The Starlink Incident

A minor geomagnetic storm is supposed to be minor. That’s why even experts were surprised on Feb. 4, 2022, when dozens of Starlink satellites started falling out of the sky. A weak CME had hit Earth’s magnetic field, and the resulting G1-class (minor) storm was bringing them down:

Above: A Starlink satellite breaks up over Puerto Rico on Feb. 7, 2022. Credit: The Sociedad de Astronomia del Caribe

How could this happen? A new paper published in the research journal Space Weather provides the answer.

“Although it was only ‘minor,’ the storm pumped almost 1200 gigawatts of energy into Earth’s atmosphere,” explains lead author Tong Dang of the University of Science and Technology of China. “This extra energy heated Earth’s upper atmosphere and sharply increased aerodynamic drag on the satellites.”

SpaceX launched the satellites from Cape Canaveral on Feb. 3, 2022. Forty-nine (49) Starlinks were crowded inside the Falcon 9 rocket; less than a quarter would survive.

Above: The Starlink launch was sandwiched between two minor geomagnetic storms (right) possibly caused by an Earth-directed CME that left the sun on Jan. 30th (left)

As was SpaceX’s practice at the time, the satellites were deployed at an altitude of 210 km–their first stop en route to an operational altitude near 600 km. In the satellite business, 210 km is considered to be low, barely above the atmosphere. SpaceX starts there in case any satellite malfunctions after launch. From 210 km, a “bad sat” can be easily de-orbited.

A little too easily, as it turns out.

Using a physics-based computer model named “TIEGCM,” Dang and colleagues simulated conditions during the storm. As geomagnetic energy heated Earth’s atmosphere, the air density at 210 km increased globally by 20% with “hot spots” as high as 60%. This movie shows what happened:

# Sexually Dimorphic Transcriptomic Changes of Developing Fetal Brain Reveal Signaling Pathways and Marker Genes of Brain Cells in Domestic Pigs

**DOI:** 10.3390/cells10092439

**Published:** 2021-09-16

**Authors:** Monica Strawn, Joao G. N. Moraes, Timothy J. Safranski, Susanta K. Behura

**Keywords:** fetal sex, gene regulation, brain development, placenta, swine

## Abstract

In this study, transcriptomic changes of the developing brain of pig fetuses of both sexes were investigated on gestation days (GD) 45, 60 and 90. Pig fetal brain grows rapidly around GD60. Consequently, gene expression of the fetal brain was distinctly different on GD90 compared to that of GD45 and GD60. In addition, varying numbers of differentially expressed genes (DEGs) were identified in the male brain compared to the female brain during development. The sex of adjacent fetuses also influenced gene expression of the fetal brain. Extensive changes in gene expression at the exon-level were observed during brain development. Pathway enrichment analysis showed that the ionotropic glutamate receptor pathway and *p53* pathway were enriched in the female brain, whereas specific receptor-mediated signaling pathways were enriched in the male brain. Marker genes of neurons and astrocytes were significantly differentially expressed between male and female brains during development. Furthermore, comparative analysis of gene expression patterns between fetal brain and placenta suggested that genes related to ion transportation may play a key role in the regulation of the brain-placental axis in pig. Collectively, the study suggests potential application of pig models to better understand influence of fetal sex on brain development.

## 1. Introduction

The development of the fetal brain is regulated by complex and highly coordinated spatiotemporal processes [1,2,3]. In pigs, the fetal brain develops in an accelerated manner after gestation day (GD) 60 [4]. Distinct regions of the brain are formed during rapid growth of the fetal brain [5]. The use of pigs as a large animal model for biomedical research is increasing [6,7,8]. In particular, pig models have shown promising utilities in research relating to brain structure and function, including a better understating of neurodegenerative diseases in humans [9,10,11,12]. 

Starlink dodged the worst spots. “The satellites did not hit any of the 60% regions,” says Dang. “But that didn’t save them.” The weaker 20% enhancements were enough to bring down 38 out of 49 satellites.

To prevent a repeat, SpaceX has started launching to 320 km instead of 210 km. Earth’s atmosphere has to reach that much higher to drag the satellites back during a geomagnetic storm. Since the change, more than 1200 additional Starlink satellites have been launched on 24 rockets without incident.

There’s still danger, though. “Air density at 320 km is an order of magnitude less (compared to 210 km), but it’s not completely safe,” cautions Dang’s co-author Jiuhou Lei, also from the University of Science and Technology of China. “During an extreme geomagnetic storm, density could increase from 200% to 800% even at these higher altitudes.”

Extreme storms may be in the offing. Young Solar Cycle 25 is just getting started. The profusion of minor storms we are observing today will intensify in the years ahead especially as we approach Solar Max around 2025.

Elon Musk’s note to self: Check the space weather forecast.